Myanmar's landmark peace summit ends, with Aung San Suu Kyi seeing long road ahead

Ms Suu Kyi greeting military delegates at the end of the peace conference in Naypyidaw.
Ms Suu Kyi greeting military delegates at the end of the peace conference in Naypyidaw.PHOTO: AFP

NAYPYIDAW (AFP) - Myanmar's de facto leader Aung San Suu Kyi concluded a landmark peace summit with ethnic rebels on Saturday (Sept 3), calling it the first step in what promises to be a tough road to peace in a country riven by civil wars since its birth.

No resolution emerged from the four-day summit, which gave representatives from nearly 20 armed ethnic groups an opportunity to air grievances and outline their political aspirations.

The conference in the capital Naypyidaw is Ms Suu Kyi's first big drive to end ethnic minority insurgencies that have rumbled across Myanmar's frontier states for nearly seven decades, claiming thousands of lives and trapping the borderlands in poverty.

Ms Suu Kyi's biggest achievement was bringing many key players to the table, including rebel armies outside a ceasefire brokered by the former military-backed government last year.

However, three groups still clashing with troops did not attend the talks, and the powerful Wa - a heavily armed militia based in an area bordering China - stormed out of the conference on day two.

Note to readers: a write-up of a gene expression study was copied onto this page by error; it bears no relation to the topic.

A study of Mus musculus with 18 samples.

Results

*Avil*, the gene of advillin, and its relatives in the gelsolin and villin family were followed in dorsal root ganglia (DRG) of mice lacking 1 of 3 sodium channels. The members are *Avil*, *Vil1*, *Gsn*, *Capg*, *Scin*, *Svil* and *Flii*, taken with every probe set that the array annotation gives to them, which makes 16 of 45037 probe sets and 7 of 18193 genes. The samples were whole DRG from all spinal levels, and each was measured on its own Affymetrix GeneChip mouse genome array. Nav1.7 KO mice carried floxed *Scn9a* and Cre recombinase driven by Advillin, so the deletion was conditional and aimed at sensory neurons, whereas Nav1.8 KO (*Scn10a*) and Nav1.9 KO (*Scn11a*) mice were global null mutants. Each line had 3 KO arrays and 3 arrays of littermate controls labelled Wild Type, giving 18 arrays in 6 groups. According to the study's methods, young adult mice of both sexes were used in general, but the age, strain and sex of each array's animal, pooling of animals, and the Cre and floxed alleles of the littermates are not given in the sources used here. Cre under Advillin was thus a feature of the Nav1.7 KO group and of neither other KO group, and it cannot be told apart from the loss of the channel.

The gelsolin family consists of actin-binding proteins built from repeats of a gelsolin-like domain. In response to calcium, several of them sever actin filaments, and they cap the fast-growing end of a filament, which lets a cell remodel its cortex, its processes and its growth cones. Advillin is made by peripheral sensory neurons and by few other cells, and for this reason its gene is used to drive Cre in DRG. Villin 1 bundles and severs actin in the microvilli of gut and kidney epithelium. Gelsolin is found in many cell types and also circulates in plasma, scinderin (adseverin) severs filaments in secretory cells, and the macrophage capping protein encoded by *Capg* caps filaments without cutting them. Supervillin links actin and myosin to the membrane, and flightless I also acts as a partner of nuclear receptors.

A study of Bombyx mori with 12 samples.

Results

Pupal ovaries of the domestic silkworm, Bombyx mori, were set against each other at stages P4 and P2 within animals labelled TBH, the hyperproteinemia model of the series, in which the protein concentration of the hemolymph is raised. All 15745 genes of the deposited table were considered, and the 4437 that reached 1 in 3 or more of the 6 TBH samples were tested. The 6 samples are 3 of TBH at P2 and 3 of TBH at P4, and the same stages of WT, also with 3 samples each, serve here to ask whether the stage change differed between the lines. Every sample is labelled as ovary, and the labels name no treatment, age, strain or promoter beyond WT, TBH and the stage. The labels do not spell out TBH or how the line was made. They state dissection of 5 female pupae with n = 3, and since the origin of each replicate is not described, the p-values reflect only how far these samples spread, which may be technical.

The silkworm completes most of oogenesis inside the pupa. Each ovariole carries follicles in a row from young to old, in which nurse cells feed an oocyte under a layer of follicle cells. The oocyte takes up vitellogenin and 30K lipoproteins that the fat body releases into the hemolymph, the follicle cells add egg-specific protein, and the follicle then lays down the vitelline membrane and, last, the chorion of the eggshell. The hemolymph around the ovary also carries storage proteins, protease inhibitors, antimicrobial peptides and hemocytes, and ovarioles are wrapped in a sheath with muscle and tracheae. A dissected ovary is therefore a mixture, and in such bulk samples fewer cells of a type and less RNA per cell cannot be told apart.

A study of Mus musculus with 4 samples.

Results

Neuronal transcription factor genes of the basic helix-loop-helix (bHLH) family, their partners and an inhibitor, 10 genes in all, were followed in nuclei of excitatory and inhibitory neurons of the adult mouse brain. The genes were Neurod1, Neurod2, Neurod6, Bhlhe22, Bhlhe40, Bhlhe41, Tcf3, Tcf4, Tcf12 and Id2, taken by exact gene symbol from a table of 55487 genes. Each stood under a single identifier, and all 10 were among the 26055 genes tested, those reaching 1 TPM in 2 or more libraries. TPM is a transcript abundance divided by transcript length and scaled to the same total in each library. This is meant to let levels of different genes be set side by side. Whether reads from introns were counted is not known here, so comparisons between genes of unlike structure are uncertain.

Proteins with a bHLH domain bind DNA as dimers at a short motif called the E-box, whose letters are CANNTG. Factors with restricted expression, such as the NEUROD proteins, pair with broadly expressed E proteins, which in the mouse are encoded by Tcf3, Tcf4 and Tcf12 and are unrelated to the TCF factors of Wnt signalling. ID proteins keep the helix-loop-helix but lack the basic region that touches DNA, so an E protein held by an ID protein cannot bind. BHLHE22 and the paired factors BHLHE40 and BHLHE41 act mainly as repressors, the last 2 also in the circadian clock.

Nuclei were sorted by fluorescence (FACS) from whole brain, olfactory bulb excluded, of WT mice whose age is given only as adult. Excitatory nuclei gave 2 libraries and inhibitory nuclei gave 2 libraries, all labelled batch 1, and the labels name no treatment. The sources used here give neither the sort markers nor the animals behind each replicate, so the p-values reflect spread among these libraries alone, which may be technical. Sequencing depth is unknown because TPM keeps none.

"To achieve peace is very difficult," Ms Suu Kyi told the conference hall of delegates on Saturday, the final day the of summit after it was decided a fifth day was not needed.

"This is the first meeting. After this, there will be more meetings. And there are many things we have to do during the time in between," she added.

The veteran democracy activist, who spent some 15 years under house arrest during junta rule, called on all sides to "look forward" as the peace process continues.

"Now each group has spoken and it appears that some are focused on the past while others are looking to the future... those who are are looking back to the past today may look forward next time. And we hope they will," she said.

The Nobel laureate, who championed a democracy struggle against the former junta, has devoted her first few months in power to kickstarting a fresh peace dialogue between rebel militias and the army.

Distrust of the Tatmadaw, as the Myanmar military is known, runs deep among minorities after half a century of brutal warfare and oppression marked by torture, rape and mass killings.

The conflicts are also complicated by tussles over the drug trade and lucrative resources in some rebel-held areas.

While Ms Suu Kyi has backed the minorities' calls for greater autonomy in their homelands, it will be a challenge to craft a federal arrangement that meets each of the group's unique demands.

Any charter changes will also require support from the still-influential military, which has the power to veto any proposed amendments to the Constitution.